The new finding holds the potential of making existing drugs more effective against drug resistant bacteria or superbugs.
What they’ve essentially done is use a specific antibody found in Indian camels (at the National Research Centre on Camel, Bikaner) to block a transporter that helps bacteria flush out drugs. At present, the team, led by Aravind Penmatsa, assistant professor at MBU, has demonstrated the finding in laboratory conditions.
That transporters are among major components in the multidrug resistance armoury of bacteria, understanding the molecular architecture of these cell membrane-embedded machines paves the way for designing inhibitors against them, thereby helping in the treatment of diseases caused by these bacteria.
And, according to IISc, in a new study, the researchers “have solved the atomic-resolution structure of one such transporter, NorC, in complex with an Indian camelid antibody (ICab).”
Though transporters are molecular machines that need to shift their conformation (shape/structure) to transport substrates, the team found that the binding of ICab to NorC locked it into a single conformation.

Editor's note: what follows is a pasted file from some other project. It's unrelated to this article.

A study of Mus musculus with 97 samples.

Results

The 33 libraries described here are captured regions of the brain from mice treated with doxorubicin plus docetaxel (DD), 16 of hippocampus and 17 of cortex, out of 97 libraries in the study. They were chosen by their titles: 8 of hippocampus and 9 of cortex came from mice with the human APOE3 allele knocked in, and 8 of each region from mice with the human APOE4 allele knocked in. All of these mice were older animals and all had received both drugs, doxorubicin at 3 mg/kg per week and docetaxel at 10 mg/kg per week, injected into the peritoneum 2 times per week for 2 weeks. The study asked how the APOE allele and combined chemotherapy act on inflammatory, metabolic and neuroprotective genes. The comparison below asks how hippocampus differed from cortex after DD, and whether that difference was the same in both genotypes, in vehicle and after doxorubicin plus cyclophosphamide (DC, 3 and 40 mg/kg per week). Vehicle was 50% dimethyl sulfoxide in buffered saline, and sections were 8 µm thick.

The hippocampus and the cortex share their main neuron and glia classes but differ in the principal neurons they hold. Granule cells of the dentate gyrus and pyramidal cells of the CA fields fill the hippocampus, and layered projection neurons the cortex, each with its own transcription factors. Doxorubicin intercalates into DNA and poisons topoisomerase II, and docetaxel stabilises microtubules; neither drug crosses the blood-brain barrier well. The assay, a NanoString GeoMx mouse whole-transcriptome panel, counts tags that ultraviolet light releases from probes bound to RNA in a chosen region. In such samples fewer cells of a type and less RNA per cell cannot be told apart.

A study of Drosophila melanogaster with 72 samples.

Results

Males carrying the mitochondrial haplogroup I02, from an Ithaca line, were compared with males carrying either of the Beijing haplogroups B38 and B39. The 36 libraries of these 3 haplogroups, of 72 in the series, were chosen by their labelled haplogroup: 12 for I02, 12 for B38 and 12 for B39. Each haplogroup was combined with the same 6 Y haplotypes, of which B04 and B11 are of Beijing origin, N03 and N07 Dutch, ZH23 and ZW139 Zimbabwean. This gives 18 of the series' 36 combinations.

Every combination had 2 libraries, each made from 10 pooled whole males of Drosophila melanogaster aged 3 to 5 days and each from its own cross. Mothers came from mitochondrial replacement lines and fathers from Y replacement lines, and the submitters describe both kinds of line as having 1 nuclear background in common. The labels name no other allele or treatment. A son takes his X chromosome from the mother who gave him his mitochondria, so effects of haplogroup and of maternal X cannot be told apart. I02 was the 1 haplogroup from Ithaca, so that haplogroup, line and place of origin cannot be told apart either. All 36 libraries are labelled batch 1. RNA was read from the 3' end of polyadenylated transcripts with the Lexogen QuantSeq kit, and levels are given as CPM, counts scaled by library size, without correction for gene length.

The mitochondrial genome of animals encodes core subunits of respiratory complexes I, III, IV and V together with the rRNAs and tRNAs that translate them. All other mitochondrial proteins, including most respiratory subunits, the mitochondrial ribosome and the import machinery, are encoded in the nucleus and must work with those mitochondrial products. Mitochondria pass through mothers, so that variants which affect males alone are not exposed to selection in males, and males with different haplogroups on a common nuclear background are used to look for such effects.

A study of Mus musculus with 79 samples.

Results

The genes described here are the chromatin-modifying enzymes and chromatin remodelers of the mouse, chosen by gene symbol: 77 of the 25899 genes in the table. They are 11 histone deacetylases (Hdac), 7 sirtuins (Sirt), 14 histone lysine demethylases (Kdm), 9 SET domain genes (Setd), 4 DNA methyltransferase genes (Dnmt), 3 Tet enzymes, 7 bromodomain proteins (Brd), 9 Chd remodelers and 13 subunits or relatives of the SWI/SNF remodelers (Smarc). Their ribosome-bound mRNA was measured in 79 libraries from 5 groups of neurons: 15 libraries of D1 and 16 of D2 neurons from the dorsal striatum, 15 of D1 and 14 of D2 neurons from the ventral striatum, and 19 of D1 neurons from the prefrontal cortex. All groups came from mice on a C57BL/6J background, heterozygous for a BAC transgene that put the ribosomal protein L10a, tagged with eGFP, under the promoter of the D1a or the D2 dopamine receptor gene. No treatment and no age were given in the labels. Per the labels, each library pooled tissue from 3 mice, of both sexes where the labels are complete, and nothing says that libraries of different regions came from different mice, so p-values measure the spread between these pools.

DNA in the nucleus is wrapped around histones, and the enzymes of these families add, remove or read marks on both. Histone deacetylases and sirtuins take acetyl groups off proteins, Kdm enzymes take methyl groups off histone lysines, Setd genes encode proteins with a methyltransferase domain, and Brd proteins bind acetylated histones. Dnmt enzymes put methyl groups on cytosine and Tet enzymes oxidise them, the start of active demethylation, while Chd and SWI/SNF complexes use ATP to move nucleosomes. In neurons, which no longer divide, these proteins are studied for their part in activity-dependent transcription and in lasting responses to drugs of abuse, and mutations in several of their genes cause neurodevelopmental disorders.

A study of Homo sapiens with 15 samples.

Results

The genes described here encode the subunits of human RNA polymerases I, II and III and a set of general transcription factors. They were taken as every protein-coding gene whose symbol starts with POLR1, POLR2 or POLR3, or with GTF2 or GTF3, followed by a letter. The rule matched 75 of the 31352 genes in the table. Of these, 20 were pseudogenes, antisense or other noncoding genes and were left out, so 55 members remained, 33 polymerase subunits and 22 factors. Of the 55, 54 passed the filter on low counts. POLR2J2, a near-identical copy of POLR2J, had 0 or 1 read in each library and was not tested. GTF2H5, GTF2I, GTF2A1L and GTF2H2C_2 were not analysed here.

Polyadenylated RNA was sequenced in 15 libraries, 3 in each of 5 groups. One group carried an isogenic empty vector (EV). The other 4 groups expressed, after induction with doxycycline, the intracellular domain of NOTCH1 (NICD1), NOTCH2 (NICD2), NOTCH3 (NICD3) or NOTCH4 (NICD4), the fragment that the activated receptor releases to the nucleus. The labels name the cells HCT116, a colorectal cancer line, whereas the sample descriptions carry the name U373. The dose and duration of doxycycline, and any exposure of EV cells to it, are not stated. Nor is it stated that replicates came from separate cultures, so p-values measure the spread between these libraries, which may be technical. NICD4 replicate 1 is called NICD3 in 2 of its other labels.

Not only did the transporter get locked in a single state, but the ICab effectively plugged the transporter like a “bottle-cork”, rendering it incapable of interacting with antibacterial compounds (drugs), the researchers said.
“…The process of efflux is very important for bacteria and one of the major strategies that hasn’t yet been explored as a therapeutic mechanism is to develop molecules that can block efflux. If we are able to block transporters that help efflux of certain antibiotics, those drugs will gain efficacy. In some sense, we can enhance the efficacy of available antibiotics if we have blockers of efflux and that’s the potential medical benefit of what we’ve found,” Penmatsa told TOI.
NorC is a transporter found in Staphylococcus aureus — a type of bacteria often found on the skin and in the upper respiratory tract of humans — that helps provide resistance against broad-spectrum antibiotics like norfloxacin and moxifloxacin.
“These insights will significantly help formulate strategies to counter transporter-mediated antibiotic resistance in pathogenic bacteria, using tools like camelid antibodies. The structure of NorC and the conformation it has been solved in is also the first-of-its-kind, providing a model to study similar drug efflux transporters from other pathogenic bacteria,” IISc added.
The study was primarily funded by the DBT-Wellcome Trust India Alliance and the department of biotechnology.